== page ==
Sen. Amy Klobuchar (D-Minn.) is the latest legislator to push for all-in pricing in the industry, calling for more transparent ticket costs from entertainment giant Live Nation.

In a letter sent to Live Nation CEO Michael Rapino on Wednesday, Klobuchar called on Live Nation to make its all-in pricing view a default setting across Live Nation and Ticketmaster platforms.

“Millions of Americans rely on your company for the chance to see their favorite artist, band, or sports team,” Klobuchar wrote. “In return for their business and trust, your customers expect a transparent and honest ticket buying process free from hidden fees.”


Live Nation responded to the letter, noting in a statement to NBC News that Klobuchar’s request is “impractical and inaccurate,” as it already fulfilled its promise to disclose all-in prices at the venues it operates — not the thousands of other venues that Ticketmaster sells tickets to on its site. A spokesperson said the change only applies to venues it owns and operates.

“If we had the power to do that it would have been part of our commitment to the White House and our June 15 announcement,” a Live Nation spokesperson said. “This just underscores the importance of all-in pricing legislation.”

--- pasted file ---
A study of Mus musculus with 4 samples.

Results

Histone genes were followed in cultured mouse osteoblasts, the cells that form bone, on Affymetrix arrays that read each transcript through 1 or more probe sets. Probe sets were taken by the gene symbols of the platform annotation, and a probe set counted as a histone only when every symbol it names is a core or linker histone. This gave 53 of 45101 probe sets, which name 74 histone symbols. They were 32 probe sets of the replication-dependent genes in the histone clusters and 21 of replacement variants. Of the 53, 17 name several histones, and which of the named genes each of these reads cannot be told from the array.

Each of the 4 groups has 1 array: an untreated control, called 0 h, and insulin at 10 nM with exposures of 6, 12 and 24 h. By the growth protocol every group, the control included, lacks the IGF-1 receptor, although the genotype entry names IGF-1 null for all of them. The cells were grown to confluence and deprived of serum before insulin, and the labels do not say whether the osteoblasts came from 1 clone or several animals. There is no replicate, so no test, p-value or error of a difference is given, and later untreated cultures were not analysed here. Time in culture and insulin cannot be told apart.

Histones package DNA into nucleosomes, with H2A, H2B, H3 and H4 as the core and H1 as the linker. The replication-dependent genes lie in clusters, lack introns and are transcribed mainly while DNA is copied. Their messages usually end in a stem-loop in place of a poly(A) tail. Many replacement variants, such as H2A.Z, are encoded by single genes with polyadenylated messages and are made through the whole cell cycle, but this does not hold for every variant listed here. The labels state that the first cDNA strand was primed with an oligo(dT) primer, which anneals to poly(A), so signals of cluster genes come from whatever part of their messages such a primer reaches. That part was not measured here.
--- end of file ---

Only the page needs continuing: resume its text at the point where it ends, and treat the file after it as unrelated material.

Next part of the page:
The spokesperson also pointed out that customers can use the new tool on Ticketmaster to “filter” tickets to “show prices including fees.” However, Klobuchar said that this just shows the ticketing company has the ability to display all-in prices, “but chooses not to display that price to consumers as the default setting.”

In a response to Klobuchar, Live Nation wrote in a letter that “Ticketmaster does not have the right to do that, as it is an agent for the venues that issue tickets and along with the content owners (artists, sports teams, etc.) determine ticket pricing and how fees are displayed.” Klobuchar, however, isn’t buying it. She told NBC News that the company could still be more transparent, noting, “They can show how much the ticket costs, and that’s what they need to do.”

Earlier this month, it was announced that President Biden is reportedly preparing to announce plans for rules that will require fee transparency across multiple industries, including event ticketing.


While several states have already brought-forth legislation to mandate all-in pricing, no federal ticket reforms — alike the BOSS and SWIFT Act — have made it to a floor vote yet.